Grants Awarded2014 | Visual Art | United States
for a six-month grant to conduct research on contemporary art and music, meet artists and curators, and participate in an artist residency program in the United States.
The focus of Yuko Mohri’s debut UK solo will be an installation of her project Moré Moré [Leaky], a long-term research project into the Tokyo metro. Mohri exhibited her first iteration of the project at the prestigious Nissan Art Award 2015, which she consequently won. Mohri’s work is responsive to the built environment. Her kinetic installation at White Rainbow will be in the form of a circuit, with found materials ‘wired’ together to contain flowing water, mimicking makeshift water repairs she noticed in the Tokyo metro. Mohri’s Moré Moré [Leaky] series is characterised by extensive fieldwork, including a range of photographic documentation of the repairs. A selection of these photographs will be produced and displayed for the first time at White Rainbow, and will connect Mohri’s research and work with photography to her installation work, for which she is best known.
The works of Japanese artists have occasionally been shown in Cuba through events such as the Havana Biennial, but this is the first exhibition to present a substantial collection of Japanese contemporary art. Rather than simply feature works by artists living in modern-day Japan, the exhibition is created through dialogue and collaboration between Japanese and Cuban curators, and with Japanese artists working together with Cuban artists and local communities. It presents mainly new works—including paintings, photographs, videos, and installations—by seven Japanese (and ACC alumna Yuko Mohri is one of the artists) and four Cuban artists at Cuba’s leading contemporary art museum, Centro de Arte Contemporáneo Wifredo Lam. The exhibition will travel to Tokyo, Japan in June, after it wraps up in Cuba.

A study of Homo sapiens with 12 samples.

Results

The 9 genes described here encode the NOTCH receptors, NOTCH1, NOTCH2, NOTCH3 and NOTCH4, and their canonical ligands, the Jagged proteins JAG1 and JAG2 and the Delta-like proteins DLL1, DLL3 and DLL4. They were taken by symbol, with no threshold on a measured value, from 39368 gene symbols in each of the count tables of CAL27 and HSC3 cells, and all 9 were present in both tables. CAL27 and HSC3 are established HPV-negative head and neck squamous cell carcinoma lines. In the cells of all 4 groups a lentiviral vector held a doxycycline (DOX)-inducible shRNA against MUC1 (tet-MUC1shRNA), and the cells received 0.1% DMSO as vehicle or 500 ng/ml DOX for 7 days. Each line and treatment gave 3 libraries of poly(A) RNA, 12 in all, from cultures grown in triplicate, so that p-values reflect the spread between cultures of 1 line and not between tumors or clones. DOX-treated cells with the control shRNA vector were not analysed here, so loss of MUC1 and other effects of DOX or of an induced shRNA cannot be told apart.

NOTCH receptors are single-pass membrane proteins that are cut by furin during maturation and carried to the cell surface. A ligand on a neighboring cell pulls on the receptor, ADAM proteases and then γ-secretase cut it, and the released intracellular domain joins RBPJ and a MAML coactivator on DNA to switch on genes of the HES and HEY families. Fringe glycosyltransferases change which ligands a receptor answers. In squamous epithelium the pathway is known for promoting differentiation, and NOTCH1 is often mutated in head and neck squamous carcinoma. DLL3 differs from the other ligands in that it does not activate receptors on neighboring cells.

Following her residency at Camden Arts Centre in 2016, Yuko Mohri returns with a new installation that orchestrates relations between electromagnetic force-fields, patterns of light moving through water and a reconfigured Yamaha reed organ from 1934. Developed responsively to the architecture and surrounding environment of the galleries, Mohri’s audio-spatial composition reveals the interconnectedness of man-made and natural processes, inviting non-human agents and chance factors to determine the score.